Enabling remote work was simple. Managing its impact on payroll tax compliance is far from it.
We are going through a once-in-a-generation change in the way we work. Increased instance of remote work is firmly here to stay. This new way of working has led to expanded geographic footprint for companies, increased reporting requirements, and significantly increased related compliance risk.
Expanding geographic footprint. Increased reporting burdens. New tax liabilities. Added compliance risk.
As the way people work undergoes seismic changes, so do expectations on tax and payroll departments. In a new-reality work environment that is increasingly flexible and remote, many employers are struggling to stay compliant with tax regulations in all the areas where they operate.
The chief emerging challenge is tracking a mobile workforce of many shapes and sizes across state and even national lines. Since the onset of the pandemic, large numbers of employees have untethered from physical workplaces and scattered across jurisdictions. To comply with payroll tax withholding and reporting rules, employers must know where their people are working. But doing so accurately and at scale is a huge undertaking given the patchwork of disparate and confusing rules governing state payroll tax withholding.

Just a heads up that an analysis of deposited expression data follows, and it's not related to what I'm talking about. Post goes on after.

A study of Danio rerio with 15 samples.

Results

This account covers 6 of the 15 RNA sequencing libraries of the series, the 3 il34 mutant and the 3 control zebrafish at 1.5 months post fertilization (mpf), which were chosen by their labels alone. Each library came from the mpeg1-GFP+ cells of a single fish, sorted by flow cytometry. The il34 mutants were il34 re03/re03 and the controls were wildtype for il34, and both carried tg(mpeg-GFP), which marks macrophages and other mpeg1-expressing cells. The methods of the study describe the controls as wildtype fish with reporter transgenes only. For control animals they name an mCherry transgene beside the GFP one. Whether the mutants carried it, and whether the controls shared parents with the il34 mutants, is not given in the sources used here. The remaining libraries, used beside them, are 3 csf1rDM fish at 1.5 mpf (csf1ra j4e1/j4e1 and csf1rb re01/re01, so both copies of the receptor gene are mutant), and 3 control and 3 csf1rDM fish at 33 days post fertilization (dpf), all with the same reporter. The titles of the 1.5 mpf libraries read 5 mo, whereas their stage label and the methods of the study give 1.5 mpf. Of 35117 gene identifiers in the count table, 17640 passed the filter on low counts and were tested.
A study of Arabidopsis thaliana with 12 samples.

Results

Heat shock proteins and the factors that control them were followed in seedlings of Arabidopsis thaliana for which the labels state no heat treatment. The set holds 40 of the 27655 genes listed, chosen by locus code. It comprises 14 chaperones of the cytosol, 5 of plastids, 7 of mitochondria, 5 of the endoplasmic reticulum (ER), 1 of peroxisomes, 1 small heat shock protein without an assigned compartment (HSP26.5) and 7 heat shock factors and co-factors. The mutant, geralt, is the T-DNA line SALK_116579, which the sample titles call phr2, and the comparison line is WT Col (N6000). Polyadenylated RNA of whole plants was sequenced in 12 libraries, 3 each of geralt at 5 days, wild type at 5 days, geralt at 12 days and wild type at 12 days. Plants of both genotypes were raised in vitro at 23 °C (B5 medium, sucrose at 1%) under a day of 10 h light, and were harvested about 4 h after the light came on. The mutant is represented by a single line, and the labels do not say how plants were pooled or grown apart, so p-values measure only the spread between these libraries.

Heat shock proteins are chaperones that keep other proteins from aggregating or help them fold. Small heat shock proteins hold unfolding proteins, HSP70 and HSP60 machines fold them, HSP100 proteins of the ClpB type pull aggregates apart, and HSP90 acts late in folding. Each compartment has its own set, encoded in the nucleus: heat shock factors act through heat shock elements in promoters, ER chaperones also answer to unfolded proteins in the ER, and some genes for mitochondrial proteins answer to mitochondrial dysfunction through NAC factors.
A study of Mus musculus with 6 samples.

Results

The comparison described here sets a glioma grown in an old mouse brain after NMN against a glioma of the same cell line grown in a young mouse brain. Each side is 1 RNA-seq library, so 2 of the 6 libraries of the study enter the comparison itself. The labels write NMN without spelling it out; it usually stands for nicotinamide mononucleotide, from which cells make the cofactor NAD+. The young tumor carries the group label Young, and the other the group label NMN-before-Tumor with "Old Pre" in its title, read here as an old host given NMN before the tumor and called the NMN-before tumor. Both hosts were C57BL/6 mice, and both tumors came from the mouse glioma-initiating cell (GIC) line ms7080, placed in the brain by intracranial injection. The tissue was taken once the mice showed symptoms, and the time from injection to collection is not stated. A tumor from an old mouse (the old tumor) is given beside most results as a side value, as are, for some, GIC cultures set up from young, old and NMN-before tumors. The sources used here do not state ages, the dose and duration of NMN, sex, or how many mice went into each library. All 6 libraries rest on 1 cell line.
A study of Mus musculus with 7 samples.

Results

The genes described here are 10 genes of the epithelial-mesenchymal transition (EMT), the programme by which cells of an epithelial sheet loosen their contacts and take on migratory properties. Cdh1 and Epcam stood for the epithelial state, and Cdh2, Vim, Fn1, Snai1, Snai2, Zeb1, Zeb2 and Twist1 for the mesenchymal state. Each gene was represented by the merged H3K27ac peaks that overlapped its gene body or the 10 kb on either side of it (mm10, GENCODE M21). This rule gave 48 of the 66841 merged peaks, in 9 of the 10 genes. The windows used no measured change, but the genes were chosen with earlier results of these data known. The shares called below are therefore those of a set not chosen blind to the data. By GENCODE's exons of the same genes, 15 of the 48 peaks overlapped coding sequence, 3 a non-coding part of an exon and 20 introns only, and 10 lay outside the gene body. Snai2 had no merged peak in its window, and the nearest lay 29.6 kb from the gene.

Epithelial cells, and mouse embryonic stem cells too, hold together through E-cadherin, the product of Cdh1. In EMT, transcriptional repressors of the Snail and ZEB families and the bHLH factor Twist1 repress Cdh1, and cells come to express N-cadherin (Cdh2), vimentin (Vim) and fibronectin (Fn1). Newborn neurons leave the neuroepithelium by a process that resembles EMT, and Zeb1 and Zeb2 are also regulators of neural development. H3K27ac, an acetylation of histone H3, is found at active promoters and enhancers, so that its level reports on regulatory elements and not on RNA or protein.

At the same time, the regulatory environment is heating up. State remote tax requirements continue to expand, but not in a standardized way, adding complexity and risk to payroll tax processes. Scrutiny is increasing, too. State authorities are fighting over tax income from employees who are generating revenue in their jurisdiction, but whose employers are based elsewhere. Pressure is mounting for organizations to withhold and report payroll taxes based not on assumption, but on the true location of their people—monthly, weekly, or even hourly.
The stakes for complying with remote and multistate workforce tax rules are high. Failure to withhold appropriately could result in significant tax exposure, including principal, penalties, and interest. And the problems only compound from there. Impacts could even trickle down to the employee level, with remote and multistate workers encountering roadblocks when filing personal income tax returns.
To examine how today’s employers are navigating pressing nonresident taxation issues, the KPMG Employment Tax practice and the American Payroll Association surveyed 610 tax and payroll professionals representing a range of industries and organization types and sizes. Concluded in October 2021, the survey assesses current attitudes and actions on remote and multistate payroll reporting challenges, focusing on the compliance side of the issue.
This report draws on the survey findings to provide a useful snapshot of key trends on this hot topic in employment tax compliance. As year-end approaches, we hope it shares timely data and insights that can help you measure your progress and drive better tax outcomes for your business and workforce.